At best we might suggest that God “dropped the ball”—failed to do what a loving God is supposed to do. Instead, it seems to me, as we read the stories of the victims we are also reading God’s obituary. By this I mean that such extreme human tragedy makes it impossible to talk about God in any useful way.
Don’t read this statement as a selfish demand for comfort, for an easy life. No, it’s recognition that nothing explains away the destruction of life’s integrity; but instead it highlights the fact that we labor in this world without cosmic aid that can protect us from us. Appeals to free will (as my comments are bound to generate) might not be a limitation God imposes on God’s self. It may simply be a weak way of saying we are in control, or what the late —philosopher of religion—called the “functional ultimacy” of human activity in the world.
I write this not to deny comfort for those who have been directly and indirectly touched by this unspeakable act of violence. Mine is an effort to acknowledge and respect grief without so quickly pushing to find some reason behind such tragedy. This loss of life is really beyond our limited human language. The loss experienced by those families, by those associated with the school, and by the collective American and human family is so intense, so absurd, so real that it calls for our full humanity beyond any talk of God.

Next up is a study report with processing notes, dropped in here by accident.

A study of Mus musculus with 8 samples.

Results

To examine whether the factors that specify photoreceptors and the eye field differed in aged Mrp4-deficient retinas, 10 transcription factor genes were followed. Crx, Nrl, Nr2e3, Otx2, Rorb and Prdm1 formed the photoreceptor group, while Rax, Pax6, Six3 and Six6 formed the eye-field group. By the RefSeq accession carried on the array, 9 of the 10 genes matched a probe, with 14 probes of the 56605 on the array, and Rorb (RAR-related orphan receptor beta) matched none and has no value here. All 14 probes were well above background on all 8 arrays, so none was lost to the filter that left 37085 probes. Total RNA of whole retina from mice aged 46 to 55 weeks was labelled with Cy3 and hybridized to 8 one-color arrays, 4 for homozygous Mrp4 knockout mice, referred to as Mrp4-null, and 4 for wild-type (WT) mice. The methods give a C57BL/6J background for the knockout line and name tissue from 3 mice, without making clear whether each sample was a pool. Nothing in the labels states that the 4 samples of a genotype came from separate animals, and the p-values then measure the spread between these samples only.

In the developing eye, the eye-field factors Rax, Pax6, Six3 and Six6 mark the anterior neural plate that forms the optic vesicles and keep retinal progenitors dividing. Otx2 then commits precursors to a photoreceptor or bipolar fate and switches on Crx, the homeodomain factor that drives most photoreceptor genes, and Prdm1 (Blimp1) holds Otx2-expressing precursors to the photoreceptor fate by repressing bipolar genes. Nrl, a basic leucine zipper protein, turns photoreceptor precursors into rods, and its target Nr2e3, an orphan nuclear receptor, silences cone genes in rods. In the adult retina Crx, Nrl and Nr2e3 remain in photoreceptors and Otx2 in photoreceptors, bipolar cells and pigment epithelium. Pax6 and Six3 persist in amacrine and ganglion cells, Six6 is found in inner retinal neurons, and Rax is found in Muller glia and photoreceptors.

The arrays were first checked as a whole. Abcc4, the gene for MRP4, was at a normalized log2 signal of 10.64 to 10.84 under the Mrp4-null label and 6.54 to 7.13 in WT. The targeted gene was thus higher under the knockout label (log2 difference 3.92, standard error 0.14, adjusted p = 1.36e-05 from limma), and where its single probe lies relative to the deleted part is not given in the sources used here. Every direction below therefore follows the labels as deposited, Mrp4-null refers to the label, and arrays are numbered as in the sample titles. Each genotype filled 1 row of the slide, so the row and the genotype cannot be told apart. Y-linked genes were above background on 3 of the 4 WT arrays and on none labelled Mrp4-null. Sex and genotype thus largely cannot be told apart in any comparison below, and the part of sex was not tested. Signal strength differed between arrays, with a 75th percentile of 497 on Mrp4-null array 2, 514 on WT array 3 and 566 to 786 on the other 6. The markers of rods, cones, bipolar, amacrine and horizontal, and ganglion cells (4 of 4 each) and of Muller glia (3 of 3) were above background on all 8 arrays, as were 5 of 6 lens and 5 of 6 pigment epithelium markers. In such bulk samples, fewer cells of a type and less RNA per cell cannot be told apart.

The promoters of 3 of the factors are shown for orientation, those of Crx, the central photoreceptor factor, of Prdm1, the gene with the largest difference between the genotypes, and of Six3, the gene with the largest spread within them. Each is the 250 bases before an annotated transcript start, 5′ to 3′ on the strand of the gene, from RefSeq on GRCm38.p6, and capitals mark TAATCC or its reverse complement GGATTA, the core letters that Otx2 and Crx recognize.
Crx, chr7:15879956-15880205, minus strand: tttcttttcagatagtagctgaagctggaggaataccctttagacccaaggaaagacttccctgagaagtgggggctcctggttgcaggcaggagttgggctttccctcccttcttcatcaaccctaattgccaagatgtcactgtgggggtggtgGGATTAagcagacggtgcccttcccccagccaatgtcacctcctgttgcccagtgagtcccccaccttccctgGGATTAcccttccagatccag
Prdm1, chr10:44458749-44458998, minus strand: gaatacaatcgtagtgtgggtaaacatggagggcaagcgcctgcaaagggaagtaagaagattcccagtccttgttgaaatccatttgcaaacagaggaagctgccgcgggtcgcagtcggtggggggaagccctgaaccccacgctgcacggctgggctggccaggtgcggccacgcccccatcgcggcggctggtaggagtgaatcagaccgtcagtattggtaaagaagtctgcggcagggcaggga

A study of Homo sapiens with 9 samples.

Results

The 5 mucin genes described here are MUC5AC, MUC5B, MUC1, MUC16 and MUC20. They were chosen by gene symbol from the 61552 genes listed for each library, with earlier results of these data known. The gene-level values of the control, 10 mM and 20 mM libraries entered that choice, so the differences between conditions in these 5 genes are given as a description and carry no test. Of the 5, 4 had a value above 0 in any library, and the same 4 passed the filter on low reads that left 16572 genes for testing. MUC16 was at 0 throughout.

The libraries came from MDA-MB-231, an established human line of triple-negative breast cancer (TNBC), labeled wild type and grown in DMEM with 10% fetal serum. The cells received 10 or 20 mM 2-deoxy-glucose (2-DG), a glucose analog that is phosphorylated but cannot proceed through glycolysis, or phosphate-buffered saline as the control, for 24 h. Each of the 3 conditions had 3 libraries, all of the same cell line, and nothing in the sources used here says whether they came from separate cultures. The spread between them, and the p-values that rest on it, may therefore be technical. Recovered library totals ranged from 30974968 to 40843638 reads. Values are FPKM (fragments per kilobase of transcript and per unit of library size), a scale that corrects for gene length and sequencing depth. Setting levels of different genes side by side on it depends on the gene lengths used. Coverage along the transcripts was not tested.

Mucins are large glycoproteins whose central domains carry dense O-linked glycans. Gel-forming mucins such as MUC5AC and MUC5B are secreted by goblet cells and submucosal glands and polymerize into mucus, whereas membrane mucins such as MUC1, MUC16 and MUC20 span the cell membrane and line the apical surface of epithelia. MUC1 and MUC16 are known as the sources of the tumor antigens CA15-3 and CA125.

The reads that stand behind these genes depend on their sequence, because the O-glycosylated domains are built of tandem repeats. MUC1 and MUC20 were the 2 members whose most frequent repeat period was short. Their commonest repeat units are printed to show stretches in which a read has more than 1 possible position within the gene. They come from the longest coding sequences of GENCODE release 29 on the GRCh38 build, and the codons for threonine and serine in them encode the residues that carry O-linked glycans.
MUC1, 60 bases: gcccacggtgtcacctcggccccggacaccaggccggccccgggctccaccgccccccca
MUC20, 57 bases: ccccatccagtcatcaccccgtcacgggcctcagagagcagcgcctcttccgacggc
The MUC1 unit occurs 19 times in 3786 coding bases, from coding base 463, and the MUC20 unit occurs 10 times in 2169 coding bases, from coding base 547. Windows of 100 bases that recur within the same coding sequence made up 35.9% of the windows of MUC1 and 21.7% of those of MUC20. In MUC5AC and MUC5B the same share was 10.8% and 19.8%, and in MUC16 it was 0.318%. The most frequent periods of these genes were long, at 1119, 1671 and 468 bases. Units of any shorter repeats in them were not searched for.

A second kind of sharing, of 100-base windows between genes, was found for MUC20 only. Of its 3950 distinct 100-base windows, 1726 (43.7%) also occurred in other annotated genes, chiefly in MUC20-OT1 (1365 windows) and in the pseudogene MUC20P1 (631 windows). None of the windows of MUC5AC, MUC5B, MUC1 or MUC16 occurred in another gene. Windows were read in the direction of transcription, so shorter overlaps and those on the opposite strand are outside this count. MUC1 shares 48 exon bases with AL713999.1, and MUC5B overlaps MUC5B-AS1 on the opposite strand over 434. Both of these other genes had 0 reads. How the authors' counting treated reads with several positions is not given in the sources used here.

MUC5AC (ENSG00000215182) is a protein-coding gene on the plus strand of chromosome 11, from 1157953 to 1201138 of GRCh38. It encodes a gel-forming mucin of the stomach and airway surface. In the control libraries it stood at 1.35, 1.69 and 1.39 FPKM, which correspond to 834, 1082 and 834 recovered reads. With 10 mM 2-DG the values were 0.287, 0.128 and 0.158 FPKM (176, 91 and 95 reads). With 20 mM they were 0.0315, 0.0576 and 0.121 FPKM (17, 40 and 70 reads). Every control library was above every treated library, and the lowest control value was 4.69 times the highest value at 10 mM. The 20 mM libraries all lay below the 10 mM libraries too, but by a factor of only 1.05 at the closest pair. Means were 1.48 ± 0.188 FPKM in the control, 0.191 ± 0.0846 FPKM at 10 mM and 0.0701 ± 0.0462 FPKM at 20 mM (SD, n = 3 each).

Those who struggled to protect, to safeguard, those young lives—and those who lost their lives to the insanity of murder are more important than any appeal to God. We humans alone must remember them, keep the beauty and value of their short lives ever present through our memorials, through our reflexive words, but also through our resolve to determine and then change the patterns of socio-political and economic life that contribute to collective misery. Think gun control as impulse control, and as a reasonable effort to preserve the integrity of life by making it a little more difficult to destroy it.
I’m not taking anything away from those grieving, but rather I am calling for greater attention to the framing of life, to the regulations, and dangers embedded in our social relationships that undergird our loss. How many guns are necessary to prove we live in a democracy? How many must die before we recognize collective life requires constraint, a humility and discipline that our pleas to a special relationship with God often damage.
Sometimes it is in silence that we are best able to eulogize our collective loss, and to mourn our lack of power over the circumstances that lead to such destruction.